PARTLY NONSENSE

ORIGINALLY WRITTEN JOEL KLAASSEN
During National Newspaper Week I thought it would be good to take a moment to explain some of the challenges of delivering a free newspaper to about 7,000 homes in Marion County and parts of six other counties each week.

We do what is called an “enhanced carrier route walk sort sequence saturation mailing” each week with our standard mail permit. Walking postal carriers in Hillsboro, Marion, Peabody and Florence are required to address the post office boxholders and residential addresses in these towns. You may see “ECR WSS” on our inkjet address label, which stands for “enhanced carrier route, walk sort sequence.”

To accomplish the addressing part of the mailing, we purchase a list from a postal-approved vendor that has the most up-to-date list available. (Each post office reports changes to a central postal center as the changes occur).

This list is good for 90 days and it comes in the order the post office wants so there is minimal sorting at the delivery point. It is also what is called CASS (Coding Accuracy Support System) certified.

The list for this week’s mailing and for the next three months was updated Monday of this week. If you moved recently or changed from a post office box to delivery at your home, the paper will not be forwarded. It may take another 90 days before the address catches up. Or it may not catch up-and we do not understand why.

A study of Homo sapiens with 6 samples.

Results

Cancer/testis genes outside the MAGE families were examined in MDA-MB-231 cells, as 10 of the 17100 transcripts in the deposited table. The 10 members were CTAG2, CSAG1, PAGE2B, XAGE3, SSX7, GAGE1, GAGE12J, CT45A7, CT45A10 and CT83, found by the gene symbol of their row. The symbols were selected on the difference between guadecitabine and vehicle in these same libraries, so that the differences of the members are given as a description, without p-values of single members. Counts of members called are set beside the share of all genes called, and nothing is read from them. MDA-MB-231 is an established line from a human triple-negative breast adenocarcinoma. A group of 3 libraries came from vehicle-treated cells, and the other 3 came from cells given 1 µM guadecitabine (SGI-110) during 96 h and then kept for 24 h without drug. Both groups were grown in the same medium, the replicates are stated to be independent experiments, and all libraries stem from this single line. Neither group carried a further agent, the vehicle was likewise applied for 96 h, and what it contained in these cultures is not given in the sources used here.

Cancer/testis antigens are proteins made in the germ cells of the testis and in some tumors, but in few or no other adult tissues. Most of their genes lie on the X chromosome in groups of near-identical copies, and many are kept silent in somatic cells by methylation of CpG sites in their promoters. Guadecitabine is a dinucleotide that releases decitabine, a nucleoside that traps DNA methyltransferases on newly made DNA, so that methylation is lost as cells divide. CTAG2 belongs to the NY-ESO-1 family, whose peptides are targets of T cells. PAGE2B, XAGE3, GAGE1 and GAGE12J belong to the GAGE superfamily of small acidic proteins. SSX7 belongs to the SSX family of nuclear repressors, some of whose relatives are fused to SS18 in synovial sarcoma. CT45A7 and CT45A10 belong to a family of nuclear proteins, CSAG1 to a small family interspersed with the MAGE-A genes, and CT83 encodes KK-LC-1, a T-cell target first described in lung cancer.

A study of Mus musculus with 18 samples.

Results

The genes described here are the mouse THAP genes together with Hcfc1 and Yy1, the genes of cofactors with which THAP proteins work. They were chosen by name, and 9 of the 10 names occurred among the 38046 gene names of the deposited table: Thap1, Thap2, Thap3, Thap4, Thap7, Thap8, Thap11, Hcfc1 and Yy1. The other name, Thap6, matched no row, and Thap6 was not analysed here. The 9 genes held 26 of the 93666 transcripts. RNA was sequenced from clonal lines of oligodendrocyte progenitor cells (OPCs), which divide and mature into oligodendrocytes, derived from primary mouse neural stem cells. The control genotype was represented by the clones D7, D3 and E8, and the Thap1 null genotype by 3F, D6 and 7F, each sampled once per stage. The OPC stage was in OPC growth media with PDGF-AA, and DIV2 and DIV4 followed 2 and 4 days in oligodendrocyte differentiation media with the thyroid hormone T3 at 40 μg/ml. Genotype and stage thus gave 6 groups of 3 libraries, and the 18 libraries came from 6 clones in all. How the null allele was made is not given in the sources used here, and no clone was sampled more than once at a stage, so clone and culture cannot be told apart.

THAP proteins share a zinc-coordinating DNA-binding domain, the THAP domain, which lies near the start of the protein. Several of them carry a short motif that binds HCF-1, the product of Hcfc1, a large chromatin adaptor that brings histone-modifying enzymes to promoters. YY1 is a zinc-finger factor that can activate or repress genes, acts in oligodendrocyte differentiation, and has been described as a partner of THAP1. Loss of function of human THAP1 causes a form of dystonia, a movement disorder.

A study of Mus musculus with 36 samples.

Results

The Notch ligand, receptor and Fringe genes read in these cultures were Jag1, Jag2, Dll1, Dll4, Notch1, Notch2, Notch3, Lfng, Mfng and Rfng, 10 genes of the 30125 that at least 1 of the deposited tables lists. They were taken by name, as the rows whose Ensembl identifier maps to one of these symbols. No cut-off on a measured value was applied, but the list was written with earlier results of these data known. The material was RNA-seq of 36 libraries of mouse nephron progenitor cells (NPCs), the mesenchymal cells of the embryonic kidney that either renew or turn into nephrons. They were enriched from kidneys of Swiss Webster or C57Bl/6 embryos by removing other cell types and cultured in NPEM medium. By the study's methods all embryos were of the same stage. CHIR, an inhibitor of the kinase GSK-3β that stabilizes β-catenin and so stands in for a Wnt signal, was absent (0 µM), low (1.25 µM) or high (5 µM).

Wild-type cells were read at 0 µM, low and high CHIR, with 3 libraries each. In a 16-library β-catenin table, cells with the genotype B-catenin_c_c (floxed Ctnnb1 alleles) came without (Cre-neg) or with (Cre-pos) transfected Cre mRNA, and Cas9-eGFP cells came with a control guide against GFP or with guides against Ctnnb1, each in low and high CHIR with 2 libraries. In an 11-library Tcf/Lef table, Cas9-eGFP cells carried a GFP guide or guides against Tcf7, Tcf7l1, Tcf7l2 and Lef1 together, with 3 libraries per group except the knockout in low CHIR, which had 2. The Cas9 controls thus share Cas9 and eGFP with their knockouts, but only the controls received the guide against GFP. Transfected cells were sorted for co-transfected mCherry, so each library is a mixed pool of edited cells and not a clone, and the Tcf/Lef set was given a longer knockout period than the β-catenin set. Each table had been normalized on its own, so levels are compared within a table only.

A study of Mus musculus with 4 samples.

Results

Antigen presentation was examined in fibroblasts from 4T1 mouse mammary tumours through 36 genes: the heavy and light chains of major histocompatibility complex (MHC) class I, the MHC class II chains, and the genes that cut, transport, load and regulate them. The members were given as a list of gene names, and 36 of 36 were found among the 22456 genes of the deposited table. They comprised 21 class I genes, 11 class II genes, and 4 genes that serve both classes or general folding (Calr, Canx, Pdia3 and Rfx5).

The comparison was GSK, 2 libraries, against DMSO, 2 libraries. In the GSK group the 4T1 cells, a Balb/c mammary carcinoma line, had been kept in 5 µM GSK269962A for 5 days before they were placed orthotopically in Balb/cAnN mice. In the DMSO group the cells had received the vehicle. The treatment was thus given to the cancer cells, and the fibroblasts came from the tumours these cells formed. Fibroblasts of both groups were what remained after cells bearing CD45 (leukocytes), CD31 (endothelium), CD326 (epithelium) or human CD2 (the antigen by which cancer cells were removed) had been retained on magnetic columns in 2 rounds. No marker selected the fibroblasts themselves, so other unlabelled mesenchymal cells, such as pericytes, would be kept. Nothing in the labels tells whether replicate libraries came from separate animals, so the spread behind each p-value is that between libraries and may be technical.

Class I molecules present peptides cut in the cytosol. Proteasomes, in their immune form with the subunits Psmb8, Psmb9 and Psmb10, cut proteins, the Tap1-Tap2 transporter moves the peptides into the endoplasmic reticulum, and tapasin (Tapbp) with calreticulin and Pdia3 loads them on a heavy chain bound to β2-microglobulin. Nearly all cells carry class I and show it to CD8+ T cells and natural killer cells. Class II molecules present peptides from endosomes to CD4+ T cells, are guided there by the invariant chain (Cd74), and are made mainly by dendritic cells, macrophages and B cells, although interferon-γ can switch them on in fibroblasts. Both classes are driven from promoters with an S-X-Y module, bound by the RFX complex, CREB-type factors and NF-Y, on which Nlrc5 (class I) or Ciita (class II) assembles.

If you live on a rural route or in a town without walking mail carriers, we do what is called simplified sorting. This means we get a count from your postmaster as to how many newspapers are needed so that everyone gets one. Then we bundle enough papers so we meet the counts we are given.

So if the above describes you, there should be no reason for not receiving your paper. If you don’t get a copy, we want to know about it-and your rural carrier or postmaster should be notified as well.

Thanks for reading the Free Press each week. We hope you enjoy reading it as much as we enjoy producing it.

My brother was in town for our mom’s 88th birthday. We watched a little football on the tube and he was uncomfortable with me having the TV remote in my possession. He thought I needed to pay better attention when flipping around during breaks in the action. Because he lives in Tulsa, it got even more serious when the OU game came on.

Speaking of remote controls. Based on my observations there must be a zillion of those things in existence. Everyone I know has at least three or four.

Here is the latest fly joke submitted by one of our faithful readers and revised a little by yours truly. This exchange took place in Iraq.

“Waiter, there is a fly in my soup.”

“It can’t be. This is a no-fly zone.”